My husband & I are setting up an olive grove in Hanmer Springs. We plan to
have @ 1500 trees comprised of 5 different cultivars. Organic management of
the grove is our goal, though we have used contact herbicides and
non-organic fertilisers in establishing the first planting.
We would be very interested in learning about what on-going organic
practices we could use to:
<li>Control weed growth (ie. we have grass between rows & mow it periodically,
but in tree rows we have sprayed off the grass & have weed re-growth. A
groundcover that did not require tillage back into the soil, but that could
aid water retention & build up soil nutrients would be good) </li>
<li>Control insects (we are experiencing insect damage to new growth - green
caterpillars that wrap leaves around themselves, also something else is
taking bites out of more mature leaves - night beetles?) </li>
<li>Mulch (we have no mulch currently, but we do have drip irrigation - water
comes from a spring fed stream & is gravity fed from two 25k litre water
tanks. Currently we have @420 shelterbelt trees and 371 olive trees on
drippers. In Oct. 2000 we will plant another 1200 olive trees. We would
like to start applying mulch to conserve water) </li></ul>
We do not currently live on the property, but in Wellington. We go down to
Hanmer @ 5/yr, usually for long weekends. We do have adjoining neighbours
who monitor the irrigation requirements (we have 2 tensiometers at different
depths that we use to gauge water requirement). In short - we are 'townies'
who are trying to learn as much as we can, as quickly as we can, about
resource management & organic farming. We would appreciate your help.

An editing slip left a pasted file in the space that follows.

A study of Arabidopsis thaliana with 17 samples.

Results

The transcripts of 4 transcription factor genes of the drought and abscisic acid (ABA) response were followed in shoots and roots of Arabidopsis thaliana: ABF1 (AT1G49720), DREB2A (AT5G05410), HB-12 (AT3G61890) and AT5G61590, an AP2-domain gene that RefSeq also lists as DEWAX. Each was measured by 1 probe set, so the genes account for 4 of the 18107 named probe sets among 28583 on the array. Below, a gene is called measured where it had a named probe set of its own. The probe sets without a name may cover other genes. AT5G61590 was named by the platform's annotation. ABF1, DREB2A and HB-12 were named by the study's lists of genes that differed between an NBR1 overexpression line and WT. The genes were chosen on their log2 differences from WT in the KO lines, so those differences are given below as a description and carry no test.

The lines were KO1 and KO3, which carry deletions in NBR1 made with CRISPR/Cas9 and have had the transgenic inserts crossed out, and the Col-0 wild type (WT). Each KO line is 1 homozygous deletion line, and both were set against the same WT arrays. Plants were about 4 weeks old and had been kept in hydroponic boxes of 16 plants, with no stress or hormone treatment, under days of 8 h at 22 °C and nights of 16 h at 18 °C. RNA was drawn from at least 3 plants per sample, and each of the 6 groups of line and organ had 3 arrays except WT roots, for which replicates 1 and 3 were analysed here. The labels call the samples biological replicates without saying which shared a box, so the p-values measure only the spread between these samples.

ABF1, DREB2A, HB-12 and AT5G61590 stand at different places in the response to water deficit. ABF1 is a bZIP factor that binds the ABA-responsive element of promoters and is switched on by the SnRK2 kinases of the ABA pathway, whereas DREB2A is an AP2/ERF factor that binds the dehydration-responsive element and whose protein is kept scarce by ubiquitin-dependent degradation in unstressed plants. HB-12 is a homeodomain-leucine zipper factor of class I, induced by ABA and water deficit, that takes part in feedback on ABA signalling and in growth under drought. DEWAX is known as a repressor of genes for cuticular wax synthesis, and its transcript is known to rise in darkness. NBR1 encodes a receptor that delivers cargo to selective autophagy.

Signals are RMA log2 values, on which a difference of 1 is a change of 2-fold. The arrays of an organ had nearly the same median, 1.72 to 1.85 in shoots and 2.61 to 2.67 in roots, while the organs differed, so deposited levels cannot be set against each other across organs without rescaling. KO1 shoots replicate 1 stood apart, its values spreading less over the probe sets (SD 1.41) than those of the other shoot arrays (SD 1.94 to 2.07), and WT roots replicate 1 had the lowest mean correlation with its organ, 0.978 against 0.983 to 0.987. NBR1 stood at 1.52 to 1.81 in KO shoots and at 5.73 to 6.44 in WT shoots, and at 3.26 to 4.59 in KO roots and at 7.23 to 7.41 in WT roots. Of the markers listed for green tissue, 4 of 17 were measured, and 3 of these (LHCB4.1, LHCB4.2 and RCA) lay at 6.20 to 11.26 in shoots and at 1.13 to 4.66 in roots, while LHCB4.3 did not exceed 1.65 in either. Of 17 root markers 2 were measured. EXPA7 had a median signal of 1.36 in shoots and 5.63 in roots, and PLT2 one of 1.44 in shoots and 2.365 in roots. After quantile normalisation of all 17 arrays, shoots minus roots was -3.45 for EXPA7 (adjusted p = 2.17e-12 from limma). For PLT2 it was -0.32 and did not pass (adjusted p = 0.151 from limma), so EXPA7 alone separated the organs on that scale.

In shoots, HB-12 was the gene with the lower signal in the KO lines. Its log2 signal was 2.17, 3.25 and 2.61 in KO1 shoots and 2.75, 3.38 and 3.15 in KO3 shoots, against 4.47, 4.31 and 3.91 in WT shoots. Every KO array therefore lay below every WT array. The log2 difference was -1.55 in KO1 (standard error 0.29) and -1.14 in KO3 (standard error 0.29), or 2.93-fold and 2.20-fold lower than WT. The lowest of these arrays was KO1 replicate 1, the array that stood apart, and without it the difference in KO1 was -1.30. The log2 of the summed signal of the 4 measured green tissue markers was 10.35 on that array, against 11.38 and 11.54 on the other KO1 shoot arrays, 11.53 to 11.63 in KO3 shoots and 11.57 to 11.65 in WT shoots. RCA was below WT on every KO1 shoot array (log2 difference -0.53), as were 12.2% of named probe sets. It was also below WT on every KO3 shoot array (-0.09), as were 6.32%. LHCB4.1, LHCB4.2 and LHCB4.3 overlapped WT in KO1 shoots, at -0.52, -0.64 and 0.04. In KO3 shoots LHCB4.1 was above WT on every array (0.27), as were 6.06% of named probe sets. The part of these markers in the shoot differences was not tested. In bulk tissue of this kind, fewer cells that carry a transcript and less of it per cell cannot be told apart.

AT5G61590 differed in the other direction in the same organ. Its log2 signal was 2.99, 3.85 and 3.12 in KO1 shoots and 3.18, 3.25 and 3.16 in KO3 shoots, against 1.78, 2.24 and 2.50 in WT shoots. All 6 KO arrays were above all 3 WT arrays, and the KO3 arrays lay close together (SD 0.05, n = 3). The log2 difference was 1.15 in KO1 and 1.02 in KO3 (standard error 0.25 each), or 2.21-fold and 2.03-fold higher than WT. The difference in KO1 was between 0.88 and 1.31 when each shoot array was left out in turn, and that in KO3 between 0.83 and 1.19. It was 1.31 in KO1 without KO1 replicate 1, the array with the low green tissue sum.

Lisa & Chris Preston
First immediate comments are: Are you sure you have suitable cultivars for the climate (I am surprised to hear about commercial plantings in such a cold climate) Do you know what your market is, e.g. high quality virgin oil, pickled, table olives. How will you harvest, process and market?
A herbal ley groundcover which can mowed and provide mulch material ( no tillage back into the soil ) would be a good idea. There are mowers available which throw the mown material in a windrow on the treelines for mulching.
Consider management of groundcover and soil texture and structure before deciding on irrigation system.
Do you want to fertilise through the irrigation system?
Good advice on herbal leys and possibly a source for purchasing is Waihi Bush (Simon/David Musgrave in Geraldine). Email David at firstname.lastname@example.org
Pest problems – usually not a big problem with olives. The caterpillar sounds like a leafroller, organic controls include B.T. (bacillus thuringienis/biologcial control), various products on the market (Dipel, Thuricide etc) but encourage the whole environment to attract beneficials.
"Taking bites out" problem is hard to judge from here, could be possibly the grass grub beetle (encouraged by long grass). Immediate help could be Pyrethrum (BetaCrop) – but not likely to still occur now as the adult beetles would stop flying -, long term requires ‘Invade’ (biological control) into the sward, get manufacturers advice on timing.
Christchurch Polytechnic is offering a distance programme for growers who want to convert to certified organic production (12 different courses), contact Rachel Worsfold for more info email@example.com or (03-364 9074).
Professional advice/consultancy available from Christchurch Polytechnic staff contact Gilda Otway
There could be a possibility that Polytechnic students could assist with the tree planting if a work crew is required (they are trained in planting and staking).